Costco visits and Netflix binges are usually as wild as I get on weekends. But my recent text messages suggested an unpredictable and glamorous life.

“Hey, this is random,” I asked a friend, “but do you want to go to Vegas next week?”

I had pitched the idea to my editors a few months earlier. I’d buy Frontier Airlines’ GoWild! summer pass promising unlimited travel from spring through September, with a few caveats. One of the biggest: You can only reserve your domestic flights one day in advance, so a roundtrip ticket is out of the question.

Given the city’s reputation for glamour and luck, it seemed to me appropriate to begin in Las Vegas — assuming I could get a ticket.


Finding someone to come with me on a last-minute sojourn to Sin City? Not so easy. Expensive flight prices on other airlines or a general aversion to Vegas stopped friends and family from taking the leap. Days before I headed west, I realized I’d be on my own.

Like other low-cost carriers, Frontier charges for pretty much everything, from seat assignments to sodas. “No blankets, no headphones,” I overheard one flight attendant respond to a passenger’s request. Want a specific seat, or one that reclines? That’s extra. A soda and some pretzels? You’d better have a credit card. In-flight movies? In your dreams.

I ended up paying around $77 for taxes, fees and a carry-on bag for my journey there. (I was impressed by the many travelers I saw who managed to cram all their necessities into the single small backpack Frontier allows as a “personal item.” One passenger had nothing but a small Chipotle bag with a jacket inside.) On my way back, I purchased a $106 bundle that included seat selection, a carry-on and checked baggage. While I didn’t need the extra luggage, I was glad to have my choice of chair. The flights I traveled on were almost entirely full — perhaps a reflection of the pass’ success? — so an aisle seat near the entrance allowed me to board and deplane with less hassle.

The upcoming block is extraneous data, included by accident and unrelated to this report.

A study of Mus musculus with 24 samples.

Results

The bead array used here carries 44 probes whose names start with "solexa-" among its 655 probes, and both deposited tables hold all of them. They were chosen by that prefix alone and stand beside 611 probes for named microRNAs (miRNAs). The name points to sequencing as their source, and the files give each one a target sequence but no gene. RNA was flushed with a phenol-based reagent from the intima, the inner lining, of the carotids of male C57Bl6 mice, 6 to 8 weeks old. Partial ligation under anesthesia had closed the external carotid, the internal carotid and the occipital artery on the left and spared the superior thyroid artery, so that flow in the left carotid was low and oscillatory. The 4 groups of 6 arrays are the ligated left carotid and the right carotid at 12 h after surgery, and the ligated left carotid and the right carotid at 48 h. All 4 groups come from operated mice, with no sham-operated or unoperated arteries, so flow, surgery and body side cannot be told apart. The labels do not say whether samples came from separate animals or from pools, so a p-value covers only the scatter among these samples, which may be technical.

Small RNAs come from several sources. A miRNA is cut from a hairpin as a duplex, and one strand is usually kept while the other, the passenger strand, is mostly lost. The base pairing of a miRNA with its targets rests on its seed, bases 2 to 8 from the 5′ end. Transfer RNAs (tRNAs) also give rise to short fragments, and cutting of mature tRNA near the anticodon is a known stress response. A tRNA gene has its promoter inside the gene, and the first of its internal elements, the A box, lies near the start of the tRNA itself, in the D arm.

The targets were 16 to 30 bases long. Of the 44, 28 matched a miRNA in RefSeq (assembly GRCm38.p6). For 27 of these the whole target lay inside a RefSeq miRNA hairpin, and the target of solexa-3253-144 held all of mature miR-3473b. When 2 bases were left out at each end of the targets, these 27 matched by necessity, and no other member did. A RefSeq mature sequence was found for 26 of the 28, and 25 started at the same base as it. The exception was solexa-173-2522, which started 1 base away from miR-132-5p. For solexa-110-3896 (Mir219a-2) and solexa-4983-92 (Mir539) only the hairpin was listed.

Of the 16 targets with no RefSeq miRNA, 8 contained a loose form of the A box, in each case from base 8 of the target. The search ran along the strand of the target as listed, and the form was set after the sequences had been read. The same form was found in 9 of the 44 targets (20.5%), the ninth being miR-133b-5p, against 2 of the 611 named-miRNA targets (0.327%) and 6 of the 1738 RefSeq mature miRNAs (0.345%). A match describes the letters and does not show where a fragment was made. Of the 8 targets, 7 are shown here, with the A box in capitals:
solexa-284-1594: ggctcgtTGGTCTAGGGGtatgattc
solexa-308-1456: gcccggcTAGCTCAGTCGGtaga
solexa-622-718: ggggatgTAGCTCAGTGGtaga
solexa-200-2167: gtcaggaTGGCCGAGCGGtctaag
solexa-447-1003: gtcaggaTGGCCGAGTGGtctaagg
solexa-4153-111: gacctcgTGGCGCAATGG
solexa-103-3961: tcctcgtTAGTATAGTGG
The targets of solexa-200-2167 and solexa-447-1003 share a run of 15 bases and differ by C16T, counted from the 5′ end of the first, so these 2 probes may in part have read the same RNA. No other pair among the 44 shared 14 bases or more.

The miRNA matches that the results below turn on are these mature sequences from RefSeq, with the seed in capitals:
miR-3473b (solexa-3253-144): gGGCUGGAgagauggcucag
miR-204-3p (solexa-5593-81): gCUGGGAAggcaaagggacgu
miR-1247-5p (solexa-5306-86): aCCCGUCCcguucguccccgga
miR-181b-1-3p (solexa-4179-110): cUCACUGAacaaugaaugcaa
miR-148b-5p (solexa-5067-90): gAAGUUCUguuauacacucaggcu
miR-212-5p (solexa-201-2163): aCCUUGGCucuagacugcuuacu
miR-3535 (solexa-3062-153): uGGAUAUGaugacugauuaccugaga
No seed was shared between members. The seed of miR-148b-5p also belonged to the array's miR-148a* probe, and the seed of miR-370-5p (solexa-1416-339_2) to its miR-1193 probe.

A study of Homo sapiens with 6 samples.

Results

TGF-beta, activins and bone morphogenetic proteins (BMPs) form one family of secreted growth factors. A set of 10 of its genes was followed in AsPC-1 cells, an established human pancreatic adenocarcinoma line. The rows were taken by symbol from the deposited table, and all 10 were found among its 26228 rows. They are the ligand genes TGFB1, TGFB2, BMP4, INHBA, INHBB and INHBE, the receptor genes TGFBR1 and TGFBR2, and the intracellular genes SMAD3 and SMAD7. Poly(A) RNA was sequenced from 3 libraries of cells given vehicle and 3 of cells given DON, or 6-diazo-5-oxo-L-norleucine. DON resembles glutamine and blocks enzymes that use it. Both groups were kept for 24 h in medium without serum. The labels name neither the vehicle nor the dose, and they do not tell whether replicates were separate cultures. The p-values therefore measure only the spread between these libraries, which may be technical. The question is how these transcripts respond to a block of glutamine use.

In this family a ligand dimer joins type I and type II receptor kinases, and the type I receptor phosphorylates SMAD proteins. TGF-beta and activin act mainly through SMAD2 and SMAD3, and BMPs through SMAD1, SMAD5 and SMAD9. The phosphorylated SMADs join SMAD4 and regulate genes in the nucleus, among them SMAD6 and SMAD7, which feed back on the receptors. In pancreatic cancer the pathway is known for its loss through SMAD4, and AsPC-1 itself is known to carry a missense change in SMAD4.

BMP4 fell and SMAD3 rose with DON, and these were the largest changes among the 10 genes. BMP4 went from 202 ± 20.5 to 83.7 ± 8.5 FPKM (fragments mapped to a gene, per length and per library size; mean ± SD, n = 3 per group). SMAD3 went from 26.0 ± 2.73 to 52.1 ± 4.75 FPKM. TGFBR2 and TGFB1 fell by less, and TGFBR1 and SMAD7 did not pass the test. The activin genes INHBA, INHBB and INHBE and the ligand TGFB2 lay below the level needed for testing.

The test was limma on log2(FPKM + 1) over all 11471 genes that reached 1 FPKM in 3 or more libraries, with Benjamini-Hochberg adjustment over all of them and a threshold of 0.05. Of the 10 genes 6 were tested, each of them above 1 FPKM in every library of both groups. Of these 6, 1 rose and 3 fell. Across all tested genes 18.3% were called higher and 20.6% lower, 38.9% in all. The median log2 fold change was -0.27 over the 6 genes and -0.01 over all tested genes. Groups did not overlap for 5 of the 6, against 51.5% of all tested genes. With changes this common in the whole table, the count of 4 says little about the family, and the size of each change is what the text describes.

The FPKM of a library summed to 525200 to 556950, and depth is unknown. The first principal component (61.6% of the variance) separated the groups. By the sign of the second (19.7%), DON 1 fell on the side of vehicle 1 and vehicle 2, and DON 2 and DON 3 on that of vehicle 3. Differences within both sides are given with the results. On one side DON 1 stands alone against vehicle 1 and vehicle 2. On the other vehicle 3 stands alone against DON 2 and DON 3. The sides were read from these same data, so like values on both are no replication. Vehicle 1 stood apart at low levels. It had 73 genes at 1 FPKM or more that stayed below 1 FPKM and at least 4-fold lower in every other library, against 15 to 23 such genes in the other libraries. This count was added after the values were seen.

A booking page shows the various tiers of pricing available for travelers on Frontier airlines. A heavily discounted GoWild! fare isn't always available. (Handout)

Frontier’s main hub is in Denver, and travelers from Baltimore will often need a layover there; some other flights connect through Atlanta, Georgia, or Orlando, Florida. (The airline also offers seasonal direct flights from BWI to Puerto Rico and Mexico.)


I left Baltimore not knowing exactly when I would return. At first, this prospect seemed stressful but later felt exciting. Who knew? Maybe I’d have a change of heart and decide to head to Seattle instead of coming home. But it did require some spontaneity and guesswork in planning out my itinerary.

Passengers on Frontier must pay extra for seat assignments, snacks and other perks. (Handout)

Discount airlines can be a gamble. I was happy to see that the flights departed and generally arrived on time, and the seat and plane appeared to be in good condition. (Frontier bills itself as the country’s “greenest airline” given the fuel efficiency of its relatively new fleet.) Flight attendants on all my journeys seemed friendly and experienced, with a seen-it-all assertiveness I appreciated. One had no qualms about telling a passenger their music was playing too loud on their headphones (to the collective, silent “thank you” of everyone in the vicinity).

In the end, three nights in Vegas was more than enough for me. When an Uber driver informed me that an electronic dance music festival was coming to town for the weekend and that the streets would soon be even more choked with traffic than they already were, I decided it was time to go home. Fortunately for me, there was a flight leaving Friday at 1:27 a.m.

After one more layover in Denver, I returned to Baltimore around 11 a.m. exhausted, but ready for my next adventure. I may be a homebody at heart, but there’s still something fun about going wild.